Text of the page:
Brad DeLong in his latest blog post is aghast at Ben Bernanke’s recent remarks on why the Fed isn’t doing more. Don’t worry about what Bernanke said; the interesting part is when DeLong, in exasperation after quoting Bernanke’s can’t-do attitude, says this:
Target the path of nominal GDP, people!
You know, I thought that this would work out very differently. I thought 3 1/2 years ago that the Federal Reserve would announce:
* that this was an emergency situation.
* that its task was to stabilize the growth rate of nominal GDP.
*that as long as nominal GDP was below its pre-2008 trend, the Federal Reserve was going to buy bonds for cash–and keep buying bonds for cash until forecasts of nominal GDP were back on track.
Now when I first read that, it struck me as complete BS. When I first encountered Scott Sumner’s writings around (I think) late 2008, I had to think through what nominal GDP was. Just about nobody thought in terms of NGDP at the time. I’m not saying Brad DeLong didn’t know what NGDP was, but what I’m saying is, he most certainly wasn’t expecting the Fed to announce that it was going to implement what we now recognize as the Scott Sumner Plan for
Incidentally, the reason I was pretty sure of my recollection is that I can remember starting to pay more attention to Scott as DeLong and Krugman came around to his views. In other words, I didn’t think there was much need to deal with the Crazy Guy from Bentley when he was just getting the bi-weekly link from Tyler Cowen, but when more and more people starting saying, “You know, level targeting of NGDP might make a lot of sense,” that’s when I realized, “Scott Sumner must be stopped. No matter the cost.”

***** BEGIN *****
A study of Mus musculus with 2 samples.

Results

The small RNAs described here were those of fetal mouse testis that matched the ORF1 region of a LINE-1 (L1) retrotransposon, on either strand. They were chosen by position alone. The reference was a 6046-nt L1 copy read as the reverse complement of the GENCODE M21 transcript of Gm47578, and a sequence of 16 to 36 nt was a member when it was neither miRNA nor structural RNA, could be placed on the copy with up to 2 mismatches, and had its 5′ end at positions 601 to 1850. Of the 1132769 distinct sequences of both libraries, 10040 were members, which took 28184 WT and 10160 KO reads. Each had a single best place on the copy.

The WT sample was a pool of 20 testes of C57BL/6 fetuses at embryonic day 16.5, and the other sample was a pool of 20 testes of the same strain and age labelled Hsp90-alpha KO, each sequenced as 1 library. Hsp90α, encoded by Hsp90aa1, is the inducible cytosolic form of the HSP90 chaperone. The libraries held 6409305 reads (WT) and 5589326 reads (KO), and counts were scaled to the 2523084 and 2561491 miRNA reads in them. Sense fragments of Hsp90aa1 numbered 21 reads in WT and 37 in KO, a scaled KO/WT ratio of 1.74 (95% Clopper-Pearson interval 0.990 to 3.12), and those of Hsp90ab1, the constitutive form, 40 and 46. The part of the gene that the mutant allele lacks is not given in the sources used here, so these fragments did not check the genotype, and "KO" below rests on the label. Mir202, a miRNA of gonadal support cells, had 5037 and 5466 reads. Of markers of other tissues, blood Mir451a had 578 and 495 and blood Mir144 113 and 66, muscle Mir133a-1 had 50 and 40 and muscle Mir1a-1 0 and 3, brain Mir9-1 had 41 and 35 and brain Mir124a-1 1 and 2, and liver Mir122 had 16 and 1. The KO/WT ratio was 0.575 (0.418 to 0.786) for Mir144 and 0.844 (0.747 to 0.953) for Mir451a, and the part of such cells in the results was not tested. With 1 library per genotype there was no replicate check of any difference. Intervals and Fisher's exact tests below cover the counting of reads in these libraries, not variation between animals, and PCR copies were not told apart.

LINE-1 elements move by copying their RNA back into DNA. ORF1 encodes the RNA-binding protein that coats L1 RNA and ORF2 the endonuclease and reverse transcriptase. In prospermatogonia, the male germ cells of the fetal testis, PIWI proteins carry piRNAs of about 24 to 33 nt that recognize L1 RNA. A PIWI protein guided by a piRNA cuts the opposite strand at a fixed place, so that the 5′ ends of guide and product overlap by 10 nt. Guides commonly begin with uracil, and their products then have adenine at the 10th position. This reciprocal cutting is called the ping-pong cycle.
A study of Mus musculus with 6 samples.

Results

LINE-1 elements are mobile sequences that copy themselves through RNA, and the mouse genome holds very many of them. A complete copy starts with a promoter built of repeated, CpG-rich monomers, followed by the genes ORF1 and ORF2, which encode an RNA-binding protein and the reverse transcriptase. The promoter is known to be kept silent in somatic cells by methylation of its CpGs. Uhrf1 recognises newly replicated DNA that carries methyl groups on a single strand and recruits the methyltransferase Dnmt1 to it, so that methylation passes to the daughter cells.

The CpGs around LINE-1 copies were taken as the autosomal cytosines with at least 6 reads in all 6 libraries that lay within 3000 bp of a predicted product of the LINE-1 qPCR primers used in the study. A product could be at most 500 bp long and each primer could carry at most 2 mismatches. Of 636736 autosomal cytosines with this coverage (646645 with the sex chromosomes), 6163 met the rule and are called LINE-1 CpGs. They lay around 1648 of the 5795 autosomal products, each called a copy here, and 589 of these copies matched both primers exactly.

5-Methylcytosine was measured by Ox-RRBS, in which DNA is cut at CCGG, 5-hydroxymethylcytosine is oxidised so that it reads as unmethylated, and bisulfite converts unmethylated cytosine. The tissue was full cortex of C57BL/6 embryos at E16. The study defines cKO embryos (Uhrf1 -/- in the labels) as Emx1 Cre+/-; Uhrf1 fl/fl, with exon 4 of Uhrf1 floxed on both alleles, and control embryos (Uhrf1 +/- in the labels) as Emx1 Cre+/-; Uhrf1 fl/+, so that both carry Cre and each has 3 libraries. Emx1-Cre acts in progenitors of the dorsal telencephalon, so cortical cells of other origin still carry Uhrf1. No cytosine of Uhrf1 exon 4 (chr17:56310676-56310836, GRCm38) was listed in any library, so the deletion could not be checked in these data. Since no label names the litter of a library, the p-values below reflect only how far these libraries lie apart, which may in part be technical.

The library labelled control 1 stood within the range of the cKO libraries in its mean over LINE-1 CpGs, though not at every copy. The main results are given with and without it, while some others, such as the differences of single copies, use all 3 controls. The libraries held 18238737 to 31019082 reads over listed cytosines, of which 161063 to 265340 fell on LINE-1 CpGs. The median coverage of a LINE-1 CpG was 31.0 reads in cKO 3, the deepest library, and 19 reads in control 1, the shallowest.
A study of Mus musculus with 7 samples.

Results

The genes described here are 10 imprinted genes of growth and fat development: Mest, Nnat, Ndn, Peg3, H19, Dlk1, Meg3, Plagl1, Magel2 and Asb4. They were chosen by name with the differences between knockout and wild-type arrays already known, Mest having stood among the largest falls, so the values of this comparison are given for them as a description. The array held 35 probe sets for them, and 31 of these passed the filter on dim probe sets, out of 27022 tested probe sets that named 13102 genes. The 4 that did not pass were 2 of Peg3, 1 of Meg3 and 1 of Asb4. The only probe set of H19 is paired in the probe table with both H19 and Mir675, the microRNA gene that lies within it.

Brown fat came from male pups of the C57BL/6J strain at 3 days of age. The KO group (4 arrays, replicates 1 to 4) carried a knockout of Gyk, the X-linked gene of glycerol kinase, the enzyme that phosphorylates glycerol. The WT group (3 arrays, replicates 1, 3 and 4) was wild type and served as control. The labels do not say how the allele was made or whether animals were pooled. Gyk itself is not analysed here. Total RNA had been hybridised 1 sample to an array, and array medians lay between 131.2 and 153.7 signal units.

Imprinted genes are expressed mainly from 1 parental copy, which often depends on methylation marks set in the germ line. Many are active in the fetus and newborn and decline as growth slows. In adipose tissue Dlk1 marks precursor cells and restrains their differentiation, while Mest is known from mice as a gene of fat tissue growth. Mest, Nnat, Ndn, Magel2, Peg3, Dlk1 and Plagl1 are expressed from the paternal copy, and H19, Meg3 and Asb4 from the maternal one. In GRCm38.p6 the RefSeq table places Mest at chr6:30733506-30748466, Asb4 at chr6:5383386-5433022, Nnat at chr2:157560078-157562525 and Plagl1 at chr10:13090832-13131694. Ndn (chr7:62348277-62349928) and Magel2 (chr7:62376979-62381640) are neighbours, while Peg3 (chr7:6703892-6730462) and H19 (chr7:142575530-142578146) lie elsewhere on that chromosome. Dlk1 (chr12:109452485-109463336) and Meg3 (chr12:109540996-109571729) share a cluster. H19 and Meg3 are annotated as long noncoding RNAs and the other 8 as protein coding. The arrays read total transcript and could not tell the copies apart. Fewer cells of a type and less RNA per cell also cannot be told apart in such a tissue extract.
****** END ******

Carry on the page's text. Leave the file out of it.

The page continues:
Anyway, for those of you who would like some more evidence besides my sincere assurances, here is a Brad DeLong post from January 2009. This is right at the time that he says in the quote above, that he was expecting the Fed to matter-of-factly announce that it was targeting NGDP growth. Look at what DeLong from 3 and 1/2 years ago actually was saying. He first quotes Gary Becker, who had been questioning the need for a big Obama stimulus package when people weren’t expecting the recession to be worse than the 1982 one, and then DeLong explains in his patented patronizing pattern:
The difference between now and 1982 was that back in 1982 the interest rate on Treasury bills was 13.68%–there was a lotof room for the Federal Reserve to cut interest rates and so reduce unemployment via monetary policy. Today the interest rate on Treasury bills is 0.03%–there is no room for the Federal Reserve to cut interest rates, and so monetary policy is reduced to untried “quantitative easing” experiments.
The fact that monetary policy has shot its bolt and has no more room for action is what has driven a lot of people like me who think that monetary policy is a much better stabilization policy tool to endorse the Obama fiscal boost plan.
The fact that Gary Becker does not know that monetary policy has shot its bolt makes me think that the state of economics at the University of Chicago is worse than I expected–but I already knew that, or rather I had thought I already knew that.
I knew Brad DeLong from 3 and 1/2 years ago. He was a blogger of mine. And Brad DeLong, you were no advocate of level NGDP targeting, nor did you think the Fed was.